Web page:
Tight job market finds employers looking closely at education

Not so many semesters ago, companies were in dire straits when it came to filling seats with qualified employees. Along with the demand for employable IT workers came an increase of programs designed to train people for IT-related positions. Now, with companies scaling back and the resource pool larger than ever, the value of different types of education has come into question.

According to Randy Straeten, vice-president of W5 Resources Inc. in Markham, Ont., employers are in the position to hire with more discretion than a few years back, and education is receiving more attention.

Jeff Dyck, a PhD student in computer science at the University of Saskatchewan and senior software architect at Saskatoon-based Hamilton Myriad Gate, recognizes that there is room for both university and college-based education within IT. However, Dyck noted that graduates from the different programs are most likely suited to different sorts of jobs.

“There is definitely room in the IT world for people who haven’t got a ton of education, but the roles that they play aren’t going to involve project management or designing software,” he said.

Dyck likened the IT industry to the medical field, noting that within a hospital there are specialists, doctors, nurses, orderlies and assistants – all of whom contribute to the goal of helping people, but all of whom have different levels of experience and education. It’s the same with IT, he said.

“There’s a wide breadth of people within the industry, and people with a little bit of training can do things like help-desk support or more technical things like data base administration or systems administration, because they don’t teach that sort of stuff at university,” he said.

While Straeten agreed with Dyck in theory, he maintained that a university degree will almost always prove advantageous when it comes to a hiring decision.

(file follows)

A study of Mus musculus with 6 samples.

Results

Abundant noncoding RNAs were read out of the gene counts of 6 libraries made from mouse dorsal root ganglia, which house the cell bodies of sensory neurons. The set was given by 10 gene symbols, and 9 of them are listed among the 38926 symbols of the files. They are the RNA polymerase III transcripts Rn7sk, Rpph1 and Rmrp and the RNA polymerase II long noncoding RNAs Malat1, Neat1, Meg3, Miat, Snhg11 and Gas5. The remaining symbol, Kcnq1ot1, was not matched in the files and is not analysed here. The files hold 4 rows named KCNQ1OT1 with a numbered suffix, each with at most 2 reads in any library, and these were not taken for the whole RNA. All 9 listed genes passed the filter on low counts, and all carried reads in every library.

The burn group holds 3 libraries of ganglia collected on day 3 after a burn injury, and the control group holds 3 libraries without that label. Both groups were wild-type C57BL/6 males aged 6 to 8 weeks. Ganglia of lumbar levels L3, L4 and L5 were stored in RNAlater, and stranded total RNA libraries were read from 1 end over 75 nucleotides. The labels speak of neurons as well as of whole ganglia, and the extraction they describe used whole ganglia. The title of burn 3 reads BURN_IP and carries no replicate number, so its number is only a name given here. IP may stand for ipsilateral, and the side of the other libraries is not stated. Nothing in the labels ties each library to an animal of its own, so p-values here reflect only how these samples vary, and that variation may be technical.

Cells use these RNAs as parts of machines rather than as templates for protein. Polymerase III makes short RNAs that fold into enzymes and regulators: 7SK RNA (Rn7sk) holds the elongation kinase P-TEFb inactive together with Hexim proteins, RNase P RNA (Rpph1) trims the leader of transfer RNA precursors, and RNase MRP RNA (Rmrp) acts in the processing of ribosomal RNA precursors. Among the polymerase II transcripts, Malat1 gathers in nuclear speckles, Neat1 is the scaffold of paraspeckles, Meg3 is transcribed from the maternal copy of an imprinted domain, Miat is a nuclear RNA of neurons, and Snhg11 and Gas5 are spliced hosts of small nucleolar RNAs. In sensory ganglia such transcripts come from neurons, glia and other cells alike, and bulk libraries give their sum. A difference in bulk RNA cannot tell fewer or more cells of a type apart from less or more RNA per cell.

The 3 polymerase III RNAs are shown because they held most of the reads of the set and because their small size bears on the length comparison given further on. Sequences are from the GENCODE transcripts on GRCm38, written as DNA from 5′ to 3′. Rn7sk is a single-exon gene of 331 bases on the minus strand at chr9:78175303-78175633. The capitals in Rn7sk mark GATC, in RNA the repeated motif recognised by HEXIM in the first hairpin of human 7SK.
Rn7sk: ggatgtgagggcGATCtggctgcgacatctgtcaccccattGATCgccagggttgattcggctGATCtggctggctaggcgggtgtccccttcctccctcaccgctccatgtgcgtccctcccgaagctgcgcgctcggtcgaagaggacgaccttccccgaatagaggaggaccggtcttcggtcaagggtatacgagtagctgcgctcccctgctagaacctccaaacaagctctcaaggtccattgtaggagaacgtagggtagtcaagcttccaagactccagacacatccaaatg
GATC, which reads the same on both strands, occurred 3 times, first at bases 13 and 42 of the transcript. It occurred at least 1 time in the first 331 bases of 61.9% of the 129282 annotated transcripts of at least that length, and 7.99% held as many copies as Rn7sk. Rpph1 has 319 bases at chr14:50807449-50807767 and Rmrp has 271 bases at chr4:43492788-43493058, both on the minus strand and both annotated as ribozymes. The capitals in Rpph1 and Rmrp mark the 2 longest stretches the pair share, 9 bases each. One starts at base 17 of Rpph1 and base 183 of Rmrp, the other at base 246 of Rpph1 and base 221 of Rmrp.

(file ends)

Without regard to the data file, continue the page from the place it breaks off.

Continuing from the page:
“If there are two candidates with similar experience, but one of them has a university degree, the employer will almost always select the one with the university degree. A university degree indicates that the candidate is more well rounded and that they can be up for almost any challenge,” Straeten said.

In Dyck’s capacity at Hamilton Myriad Gate, he has encountered both university and two-year diploma graduates, and has noticed a difference in terms of capabilities.

“We find that a lot of the two-year grads aren’t really up on their skills. They go through the program way too fast – and to become a real IT professional, it takes a while for everything to really sink in,” he said. “The goals of these colleges is to get someone into the job market as fast as possible, and in this quickly industry, it’s not that practical.”

He pointed out that these kinds of programs work well for other trades – like auto mechanics – because they tend to be more generic. If you learn to be a C++ programmer through one of these two-year colleges because people are looking for C++ programmers, it’s okay, but you have to realize that next year some other language is going to be hot, Dyck said.

Sandy Elrick, a graduate of Calgary’s Devry Institute of Technology thought the course load was intense, but found that the school’s hands-on approach was a good primer for the real world of IT. Elrick chose Devry after facing a negative experience in university.

“I didn’t learn well in university because of the large classroom sizes and lack of hands-on work. Frankly, I was disappointed with the fact that you basically regurgitated your first one-to-three years of work back to get marks instead of applying what you learned as you went,” he said.

Besides the technical skills taught at schools like Devry, Elrick left the program with other skills that he has found useful in the real world.

“You have to learn how to network with potential companies, clients and co-workers in the industry in order to get ahead. You have to maintain and upgrade your skills to remain marketable. Without those it really doesn’t matter where you go for an education,” Elrick said.

While Straeten recognizes the increased challenges in the job market for graduates of colleges as compared with graduates of universities, he acknowledges that these diploma schools are here to stay.

“As long as new technology continues to come out at the rate it’s been going, these schools will always be there, although candidates are a lot less willing to put down 10 or 12 thousand dollars for a year’s tuition if there are no job prospects out there,” he said.